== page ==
The project to construct the tunnel under the Devil’s Punch Bowl in Surrey was completed on time and on budget by Main Contractors Balfour Beatty for the Highways Agency.
The 1.8 km underground tunnel diverts four miles of the existing A3 road and passes underneath the Devil’s Punchbowl, meeting up with it again at the Haslemere junction.
Commuters driving through Hindhead now benefit from the fact that the tunnel – which has won an award for being ‘the best of its type in the world’ at the New Civil Engineer International Tunneling Awards in 2010 – features cross-passages at every 100m and state of the art safety and communications systems, including CCTV surveillance and radio-interrupt systems to convey information to drivers.
The scheme started in January 2007 when crews began clearing the ground, reducing the A3 carriageway through Hindhead down to one lane either way for the duration of the works. But its opening brings to an end a 30-year campaign for improvements to the bottleneck at the Hindhead traffic lights, which was supported by former MP Baroness Virginia Bottomley and South West Surrey MP Jeremy Hunt, among others.
Following the official opening by transport secretary Philip Hammond, which for health and safety reasons was not open to the public, the first traffic was escorted through the southbound tunnel by a police escort. The second northbound tunnel opened to traffic a few days later.
Speaking at the event, Mr Hammond said: “This is another one of the ‘missing links’ in Britain’s trunk road network now put in place.
“For years traffic has been held up at the Hindhead crossroads, hampering the flow of goods and services along this vital artery and blighting the lives of people living in and around Hindhead.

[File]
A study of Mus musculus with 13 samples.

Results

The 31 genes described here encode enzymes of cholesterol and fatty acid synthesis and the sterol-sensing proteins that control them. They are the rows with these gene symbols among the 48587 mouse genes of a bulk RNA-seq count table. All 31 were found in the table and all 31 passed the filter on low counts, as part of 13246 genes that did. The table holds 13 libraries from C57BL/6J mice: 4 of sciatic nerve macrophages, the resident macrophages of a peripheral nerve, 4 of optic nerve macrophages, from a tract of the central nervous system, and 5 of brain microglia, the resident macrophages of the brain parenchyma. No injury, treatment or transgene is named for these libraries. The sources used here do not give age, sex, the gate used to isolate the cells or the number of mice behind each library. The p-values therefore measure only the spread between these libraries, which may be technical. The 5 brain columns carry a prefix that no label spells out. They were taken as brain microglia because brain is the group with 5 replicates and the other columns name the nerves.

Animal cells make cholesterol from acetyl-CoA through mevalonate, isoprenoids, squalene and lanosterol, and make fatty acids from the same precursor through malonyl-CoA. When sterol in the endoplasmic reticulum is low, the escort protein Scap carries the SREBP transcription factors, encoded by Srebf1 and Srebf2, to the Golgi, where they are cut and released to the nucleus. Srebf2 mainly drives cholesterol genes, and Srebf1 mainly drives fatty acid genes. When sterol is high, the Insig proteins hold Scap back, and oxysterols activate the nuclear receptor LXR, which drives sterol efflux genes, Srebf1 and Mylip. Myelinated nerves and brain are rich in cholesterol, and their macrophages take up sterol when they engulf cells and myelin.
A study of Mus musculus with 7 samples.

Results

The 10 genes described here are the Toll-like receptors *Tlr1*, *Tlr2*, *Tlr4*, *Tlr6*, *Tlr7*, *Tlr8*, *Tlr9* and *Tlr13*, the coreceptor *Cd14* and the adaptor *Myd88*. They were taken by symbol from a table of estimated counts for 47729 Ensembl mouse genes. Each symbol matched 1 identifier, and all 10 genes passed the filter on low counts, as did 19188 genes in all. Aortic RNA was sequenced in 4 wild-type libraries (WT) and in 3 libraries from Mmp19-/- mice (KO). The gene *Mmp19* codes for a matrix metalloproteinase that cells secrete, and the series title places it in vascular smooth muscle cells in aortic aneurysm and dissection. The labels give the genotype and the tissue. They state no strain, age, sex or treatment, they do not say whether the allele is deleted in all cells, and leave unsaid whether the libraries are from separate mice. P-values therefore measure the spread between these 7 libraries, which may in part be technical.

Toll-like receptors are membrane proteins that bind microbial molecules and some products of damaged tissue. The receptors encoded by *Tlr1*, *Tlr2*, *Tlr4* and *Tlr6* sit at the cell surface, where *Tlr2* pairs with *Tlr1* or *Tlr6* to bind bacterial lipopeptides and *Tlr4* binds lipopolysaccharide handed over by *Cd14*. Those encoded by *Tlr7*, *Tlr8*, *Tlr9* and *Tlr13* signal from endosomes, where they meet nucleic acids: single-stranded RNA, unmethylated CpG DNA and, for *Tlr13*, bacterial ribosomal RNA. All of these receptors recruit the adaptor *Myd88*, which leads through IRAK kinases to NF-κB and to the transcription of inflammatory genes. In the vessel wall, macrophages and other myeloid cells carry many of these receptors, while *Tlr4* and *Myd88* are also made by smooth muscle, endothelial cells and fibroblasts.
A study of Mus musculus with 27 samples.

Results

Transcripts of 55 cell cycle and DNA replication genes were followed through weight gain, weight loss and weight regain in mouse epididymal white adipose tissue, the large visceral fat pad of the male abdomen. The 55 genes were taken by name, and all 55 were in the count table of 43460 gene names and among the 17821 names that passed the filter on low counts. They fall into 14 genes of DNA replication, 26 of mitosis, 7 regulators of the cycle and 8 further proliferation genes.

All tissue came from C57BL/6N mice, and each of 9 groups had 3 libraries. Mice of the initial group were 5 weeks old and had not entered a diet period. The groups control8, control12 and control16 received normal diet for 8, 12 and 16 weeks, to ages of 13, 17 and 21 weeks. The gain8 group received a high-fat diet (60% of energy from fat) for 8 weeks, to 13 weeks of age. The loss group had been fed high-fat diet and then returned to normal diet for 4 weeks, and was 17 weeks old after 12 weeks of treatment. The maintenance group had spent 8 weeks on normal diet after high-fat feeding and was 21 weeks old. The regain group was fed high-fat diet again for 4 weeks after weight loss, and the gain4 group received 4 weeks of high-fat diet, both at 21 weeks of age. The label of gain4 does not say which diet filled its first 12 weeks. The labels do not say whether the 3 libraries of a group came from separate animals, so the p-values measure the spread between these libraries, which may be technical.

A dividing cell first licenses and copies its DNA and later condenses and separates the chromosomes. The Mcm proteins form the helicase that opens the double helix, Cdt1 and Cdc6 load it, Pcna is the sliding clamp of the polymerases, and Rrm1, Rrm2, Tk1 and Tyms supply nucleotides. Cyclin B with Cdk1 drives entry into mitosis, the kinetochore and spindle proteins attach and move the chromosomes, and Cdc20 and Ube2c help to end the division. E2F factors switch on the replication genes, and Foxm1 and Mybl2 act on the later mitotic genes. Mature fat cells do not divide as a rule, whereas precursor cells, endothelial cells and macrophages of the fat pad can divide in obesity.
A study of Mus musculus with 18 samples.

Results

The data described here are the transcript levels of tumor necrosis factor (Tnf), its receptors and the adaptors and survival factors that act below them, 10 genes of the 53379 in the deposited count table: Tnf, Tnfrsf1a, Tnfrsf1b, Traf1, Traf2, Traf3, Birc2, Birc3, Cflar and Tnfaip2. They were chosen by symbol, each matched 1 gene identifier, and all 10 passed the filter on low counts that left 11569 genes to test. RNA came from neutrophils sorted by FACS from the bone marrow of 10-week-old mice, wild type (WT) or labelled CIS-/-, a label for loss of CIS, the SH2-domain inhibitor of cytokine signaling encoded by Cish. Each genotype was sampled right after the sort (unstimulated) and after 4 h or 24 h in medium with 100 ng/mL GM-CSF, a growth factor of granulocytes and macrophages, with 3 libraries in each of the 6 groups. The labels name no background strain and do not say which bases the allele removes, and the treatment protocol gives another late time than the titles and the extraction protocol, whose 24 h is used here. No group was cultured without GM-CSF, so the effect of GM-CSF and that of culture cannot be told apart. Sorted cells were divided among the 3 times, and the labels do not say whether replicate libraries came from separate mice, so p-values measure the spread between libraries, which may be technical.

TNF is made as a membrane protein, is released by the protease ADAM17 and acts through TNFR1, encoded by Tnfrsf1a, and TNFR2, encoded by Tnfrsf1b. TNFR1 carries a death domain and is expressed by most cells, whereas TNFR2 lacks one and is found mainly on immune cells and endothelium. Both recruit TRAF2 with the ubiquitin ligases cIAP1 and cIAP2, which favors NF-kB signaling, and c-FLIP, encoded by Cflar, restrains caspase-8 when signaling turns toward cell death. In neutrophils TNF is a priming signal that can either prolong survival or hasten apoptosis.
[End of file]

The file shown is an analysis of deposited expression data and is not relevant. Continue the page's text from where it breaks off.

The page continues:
“No longer. This new road will transform journeys on the A3, improving journey times by around 20 minutes or more at busy periods, and will deliver a threefold return on investment for the economy.”
Mr Hammond was joined for the opening ceremony by culture secretary and South West Surrey MP Jeremy Hunt, who was one of the first people to walk through the tunnel in May. He addressed the gathered guests first, paying tribute to the work of his predecessor, Baroness Virginia Bottomley, and her husband Peter Bottomley, a former transport minister, who together campaigned for better roads around Hindhead for over 20 years.
He praised the “tenacity” of the neighbouring communities, attributing the project’s success to their “patience, tolerance and understanding” during the long period of building work.
Andrew McNaughton, chief operating officer at Balfour Beatty, who won the tender for the project in 2000, thanked his team and that of the Highways Agency.
It is hoped that the tunnel will cut the number of rush-hour traffic jams, and restore tranquility to the area, the Devil’s Punchbowl, recognised as being an Area of Outstanding Natural Beauty and a conservation area for wild birds. Previously, traffic would be backed-up for several miles, polluting the surrounding environment with both noise and exhaust fumes.
Work is now underway to return the old A3 to nature, reuniting the Devil’s Punchbowl with Hindhead Common for the first time in almost 200 years.